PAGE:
How to Conquer Math Anxiety
I hate math!!! Have you ever heard your kids say that? I’ve found it written on the bottom of their math assignments. It’s certainly not fun to do math if it causes anxiety for you. I understand that anxiety.
When I was a kid I hated math, too. I just could not get those digits to stick in my brain no matter how hard I tried. It was as if my brain had reverse Velcro to numbers! My parents would try to help me with my math homework and my mind would go completely blank as I tried to pull up the answers. They could not understand why I just wasn’t getting it.
The problem with math anxiety is that the harder someone presses the student to “get it” the more anxious they become and the less they will be able to “get it.” It becomes a vicious cycle.
So how do you break this cycle with your kids?
- Step back and take several deep breaths. Do your best to remain patient with them. Most kids really do want to understand.
- Evaluate whether they have a strong foundation to build on. If a child doesn’t have a good grasp on the basic math facts, all other math concepts are going to be that much harder for them.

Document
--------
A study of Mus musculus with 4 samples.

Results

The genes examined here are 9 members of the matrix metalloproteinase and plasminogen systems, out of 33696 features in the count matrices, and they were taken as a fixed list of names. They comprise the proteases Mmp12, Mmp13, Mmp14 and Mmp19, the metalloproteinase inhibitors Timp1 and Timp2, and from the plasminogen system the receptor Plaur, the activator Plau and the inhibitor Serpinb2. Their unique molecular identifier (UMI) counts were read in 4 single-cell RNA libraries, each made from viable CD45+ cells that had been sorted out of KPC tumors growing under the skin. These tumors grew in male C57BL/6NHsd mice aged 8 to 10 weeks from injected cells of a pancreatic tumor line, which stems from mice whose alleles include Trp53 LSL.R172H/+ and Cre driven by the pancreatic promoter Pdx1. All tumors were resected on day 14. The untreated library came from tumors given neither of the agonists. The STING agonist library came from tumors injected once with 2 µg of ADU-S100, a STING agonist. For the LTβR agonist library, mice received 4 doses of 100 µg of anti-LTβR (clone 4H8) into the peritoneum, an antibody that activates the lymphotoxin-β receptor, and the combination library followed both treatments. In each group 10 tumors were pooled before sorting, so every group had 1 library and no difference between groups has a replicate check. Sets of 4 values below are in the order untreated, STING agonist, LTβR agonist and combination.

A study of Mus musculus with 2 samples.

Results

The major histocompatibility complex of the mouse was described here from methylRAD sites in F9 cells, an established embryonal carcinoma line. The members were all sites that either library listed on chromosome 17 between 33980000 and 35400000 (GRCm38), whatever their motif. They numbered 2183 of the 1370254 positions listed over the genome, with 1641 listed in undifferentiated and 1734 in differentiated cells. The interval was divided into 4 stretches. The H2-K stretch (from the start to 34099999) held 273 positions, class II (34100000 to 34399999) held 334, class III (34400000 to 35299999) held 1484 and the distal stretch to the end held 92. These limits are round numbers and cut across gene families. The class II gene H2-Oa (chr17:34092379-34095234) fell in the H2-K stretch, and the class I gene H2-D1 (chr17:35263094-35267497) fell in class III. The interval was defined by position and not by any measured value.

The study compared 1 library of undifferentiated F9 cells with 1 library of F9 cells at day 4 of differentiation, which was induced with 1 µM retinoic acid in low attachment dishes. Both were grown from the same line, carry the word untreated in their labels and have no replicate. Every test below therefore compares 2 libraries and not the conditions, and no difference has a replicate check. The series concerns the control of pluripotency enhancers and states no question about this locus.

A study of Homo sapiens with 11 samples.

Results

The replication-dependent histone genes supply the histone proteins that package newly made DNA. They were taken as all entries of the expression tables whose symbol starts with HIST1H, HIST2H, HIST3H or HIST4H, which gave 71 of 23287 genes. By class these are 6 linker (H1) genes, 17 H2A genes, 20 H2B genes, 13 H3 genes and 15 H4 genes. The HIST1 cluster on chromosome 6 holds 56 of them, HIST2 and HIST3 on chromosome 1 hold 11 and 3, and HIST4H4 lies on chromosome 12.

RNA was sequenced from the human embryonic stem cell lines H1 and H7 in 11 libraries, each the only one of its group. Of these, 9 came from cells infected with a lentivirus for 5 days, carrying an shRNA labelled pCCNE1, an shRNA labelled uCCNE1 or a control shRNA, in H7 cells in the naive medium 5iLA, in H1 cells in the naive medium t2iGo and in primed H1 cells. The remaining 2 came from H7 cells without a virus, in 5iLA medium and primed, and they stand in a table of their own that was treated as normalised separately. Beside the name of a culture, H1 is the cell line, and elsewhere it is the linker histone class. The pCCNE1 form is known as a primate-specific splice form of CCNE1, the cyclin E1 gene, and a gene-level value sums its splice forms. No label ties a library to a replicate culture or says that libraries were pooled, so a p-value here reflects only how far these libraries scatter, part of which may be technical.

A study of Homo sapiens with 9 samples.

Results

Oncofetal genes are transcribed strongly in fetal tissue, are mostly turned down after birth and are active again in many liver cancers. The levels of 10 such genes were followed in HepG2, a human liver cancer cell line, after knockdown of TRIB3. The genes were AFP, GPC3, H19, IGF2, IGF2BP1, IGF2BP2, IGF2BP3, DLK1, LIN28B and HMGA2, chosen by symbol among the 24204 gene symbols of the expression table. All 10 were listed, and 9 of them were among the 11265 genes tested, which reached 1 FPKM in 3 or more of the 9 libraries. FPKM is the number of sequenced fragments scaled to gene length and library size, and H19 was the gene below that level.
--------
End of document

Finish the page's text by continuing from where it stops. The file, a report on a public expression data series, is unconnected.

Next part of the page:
- Find a way to make it fun. This may seem like an impossibility at this point. However, there are online math games which may prove to be a life saver. Learninggamesforkids.com has some great ones.
- Try a different teaching approach. It’s possible that your child’s learning style doesn’t match up to the way you are teaching math. Maybe try teaching using songs. There are great math songs to be found on CD and on the internet. You can also try an online interactive approach such as Time4Learning.com.
- Help them build up confidence in their math skills. By taking the pressure away and allowing them to establish a firm foundation in the fundamentals, they will gradually become more confident.
- Realize that not every kid is going to be a math whiz. Some people just don’t have a head for numbers. That doesn’t mean that they don’t need to learn the basics, but it does mean that they should be cut some extra slack. Encourage them in the areas where they do excel.
Hopefully, these suggestions will get your kids on the way to conquering that math anxiety and finding new-found confidence in their math skills. I know these are things I wish my parents had known when they were trying to help me.